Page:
Western Cape universities ready for influx of undergraduates

The University of Cape Town received 92,841 applications for the 2024 academic year. File Picture: UCT

The University of Cape Town received 92,841 applications for the 2024 academic year. File Picture: UCT

Published Jan 29, 2024


As matriculants ready themselves for the journey of tertiary education, universities in the Western Cape are ready to welcome the undergraduates.

Students from around the country will be flocking to study at institutions such as the University of Cape Town (UCT), the University of the Western Cape (UWC), Stellenbosch University (SU), and Cape Peninsula University of Technology (CPUT).

Stellenbosch University received 88,085 first-year applications for 2024. However, the university can enrol approximately 5,600 first-year undergraduate students.

The faculties with the highest number of applications are medicine and health sciences with 52,004; arts and social sciences with 36,210, and economic and management sciences with 34,777 applications.

The university received approximately 14,000 applications for residence spaces, however, the university residences can accommodate approximately 2,000 first-year students on campus and 280 at the Tygerberg campus.

“About 75% of students are either commuting or staying in private accommodation. Private accommodation is not administrated by the university, but the accommodation office assists with accredited private accommodation.

“Accommodation at institutions of higher learning remains a national challenge. As with most universities, spaces in residence are limited and the university collaborates with private providers to offer accredited accommodation.

“To meet the increased demand for accommodation, two new residences will be completed by the second term of 2024 – adding 400 beds to the system.

“The university supports students in finding suitable accommodation and will continue to engage with the relevant entities, including the Student Representative Council and NSFAS, to work towards long-term solutions in finding suitable accommodation,” university spokesperson, Anél Lewis said.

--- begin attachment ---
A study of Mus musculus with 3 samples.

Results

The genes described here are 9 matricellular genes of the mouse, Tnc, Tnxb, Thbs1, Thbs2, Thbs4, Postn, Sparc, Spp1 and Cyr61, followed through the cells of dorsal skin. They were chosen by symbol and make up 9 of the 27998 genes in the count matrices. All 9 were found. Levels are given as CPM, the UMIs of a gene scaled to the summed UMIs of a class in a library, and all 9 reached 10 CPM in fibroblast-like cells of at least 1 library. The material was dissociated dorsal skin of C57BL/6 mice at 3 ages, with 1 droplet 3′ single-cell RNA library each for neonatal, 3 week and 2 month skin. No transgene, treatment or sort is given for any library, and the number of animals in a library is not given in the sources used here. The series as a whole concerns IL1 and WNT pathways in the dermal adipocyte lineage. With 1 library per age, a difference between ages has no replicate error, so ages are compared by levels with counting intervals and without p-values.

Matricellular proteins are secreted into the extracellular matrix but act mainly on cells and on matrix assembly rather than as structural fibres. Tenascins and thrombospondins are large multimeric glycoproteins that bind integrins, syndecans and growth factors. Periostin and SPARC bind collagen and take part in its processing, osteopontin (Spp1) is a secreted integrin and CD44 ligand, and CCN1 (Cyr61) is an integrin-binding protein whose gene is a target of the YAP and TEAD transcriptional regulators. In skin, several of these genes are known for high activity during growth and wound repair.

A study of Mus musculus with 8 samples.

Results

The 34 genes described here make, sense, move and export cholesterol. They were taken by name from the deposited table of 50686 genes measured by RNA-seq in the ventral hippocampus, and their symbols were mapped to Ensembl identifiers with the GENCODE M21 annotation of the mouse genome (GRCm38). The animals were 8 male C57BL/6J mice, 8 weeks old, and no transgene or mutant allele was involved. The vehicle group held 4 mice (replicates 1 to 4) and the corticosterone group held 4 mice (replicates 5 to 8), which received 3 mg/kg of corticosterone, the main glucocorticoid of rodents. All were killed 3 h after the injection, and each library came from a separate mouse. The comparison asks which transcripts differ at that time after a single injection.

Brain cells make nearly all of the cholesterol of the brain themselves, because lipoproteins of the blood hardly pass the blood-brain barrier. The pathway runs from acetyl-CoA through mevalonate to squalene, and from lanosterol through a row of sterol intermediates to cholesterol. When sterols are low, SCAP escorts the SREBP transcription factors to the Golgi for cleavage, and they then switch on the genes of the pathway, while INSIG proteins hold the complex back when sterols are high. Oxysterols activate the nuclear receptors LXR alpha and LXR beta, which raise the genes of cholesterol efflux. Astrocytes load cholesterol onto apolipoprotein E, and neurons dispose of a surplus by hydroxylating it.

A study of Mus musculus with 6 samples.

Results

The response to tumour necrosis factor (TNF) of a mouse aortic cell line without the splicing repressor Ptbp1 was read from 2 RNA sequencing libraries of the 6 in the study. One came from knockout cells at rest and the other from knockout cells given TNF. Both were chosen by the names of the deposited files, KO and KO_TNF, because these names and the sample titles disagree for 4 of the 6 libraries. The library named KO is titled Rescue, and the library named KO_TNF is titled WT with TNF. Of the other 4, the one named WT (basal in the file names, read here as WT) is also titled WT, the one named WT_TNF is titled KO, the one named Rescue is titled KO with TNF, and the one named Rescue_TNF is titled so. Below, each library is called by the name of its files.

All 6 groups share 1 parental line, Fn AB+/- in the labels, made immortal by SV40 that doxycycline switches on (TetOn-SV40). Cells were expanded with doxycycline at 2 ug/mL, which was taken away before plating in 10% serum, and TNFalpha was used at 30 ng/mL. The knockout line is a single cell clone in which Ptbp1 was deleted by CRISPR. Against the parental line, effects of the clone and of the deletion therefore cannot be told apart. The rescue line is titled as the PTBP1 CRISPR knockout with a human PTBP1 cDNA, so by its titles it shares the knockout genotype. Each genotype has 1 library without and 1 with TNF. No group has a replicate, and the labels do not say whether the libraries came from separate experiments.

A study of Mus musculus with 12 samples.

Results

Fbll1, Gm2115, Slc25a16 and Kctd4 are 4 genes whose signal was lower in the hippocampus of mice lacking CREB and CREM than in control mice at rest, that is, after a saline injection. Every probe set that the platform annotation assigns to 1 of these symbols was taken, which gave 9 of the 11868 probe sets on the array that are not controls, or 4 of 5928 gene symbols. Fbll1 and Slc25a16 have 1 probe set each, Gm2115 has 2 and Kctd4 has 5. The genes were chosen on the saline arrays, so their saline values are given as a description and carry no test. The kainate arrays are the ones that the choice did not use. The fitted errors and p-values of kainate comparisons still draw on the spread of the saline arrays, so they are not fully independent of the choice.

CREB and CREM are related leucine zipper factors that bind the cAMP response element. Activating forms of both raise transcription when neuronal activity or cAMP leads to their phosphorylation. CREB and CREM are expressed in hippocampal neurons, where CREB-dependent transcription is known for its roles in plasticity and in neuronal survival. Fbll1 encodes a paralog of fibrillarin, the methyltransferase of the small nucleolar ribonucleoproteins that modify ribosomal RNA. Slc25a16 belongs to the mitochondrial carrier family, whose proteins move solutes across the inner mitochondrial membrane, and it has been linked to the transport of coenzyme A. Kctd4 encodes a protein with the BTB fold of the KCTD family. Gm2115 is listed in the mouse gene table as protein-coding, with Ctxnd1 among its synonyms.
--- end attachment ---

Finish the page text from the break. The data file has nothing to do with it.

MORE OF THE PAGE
The academic year officially begins on February 12.

Gasant Abarder, marketing and media manager for UWC said the university is expecting 4,650 first-year students to its institution.

He said the popular courses this year include law, nursing, dentistry, accounting, pharmacy, and bachelor arts.

“The university has already commenced with registration and is well-prepared for the start of the academic year,” Abarder said.

He said 6,000 students have applied for accommodation and additional beds have been secured with private accommodation providers.

CPUT is expecting about 9,000 first-year students, with engineering and education faculties remaining the popular choice.

Spokesperson for the university, Lauren Kansley said they are ready to welcome new students.

“CPUT is a well-oiled machine with regard to the start of the academic year 2024. We are prepped and ready to welcome the new and existing cohort of students. Students have slowly been trickling in,” Kansley said.

She said CPUT has one of the highest rates of placing students in residences and some 40% of its students get residences.

“We have prioritised student housing and over the past few years, we have exponentially increased our student residence offerings,” Kansley said.

UCT will be welcoming 4,500 first-year students after it received 92,841 applications for the academic year.

The faculty of Health Sciences received the most applications, with 19,029.

“At UCT we believe education is not just about earning a degree. Certainly, a certificate helps to open doors to a career, but what is most important at UCT is what people do with what they learn. We believe the most important goal of education is to unleash human potential, to build a fair and just society.

“This is the central focus of UCT’s Vision 2030 strategic statement,” UCT interim Vice-Chancellor, Emeritus Professor Daya Reddy said.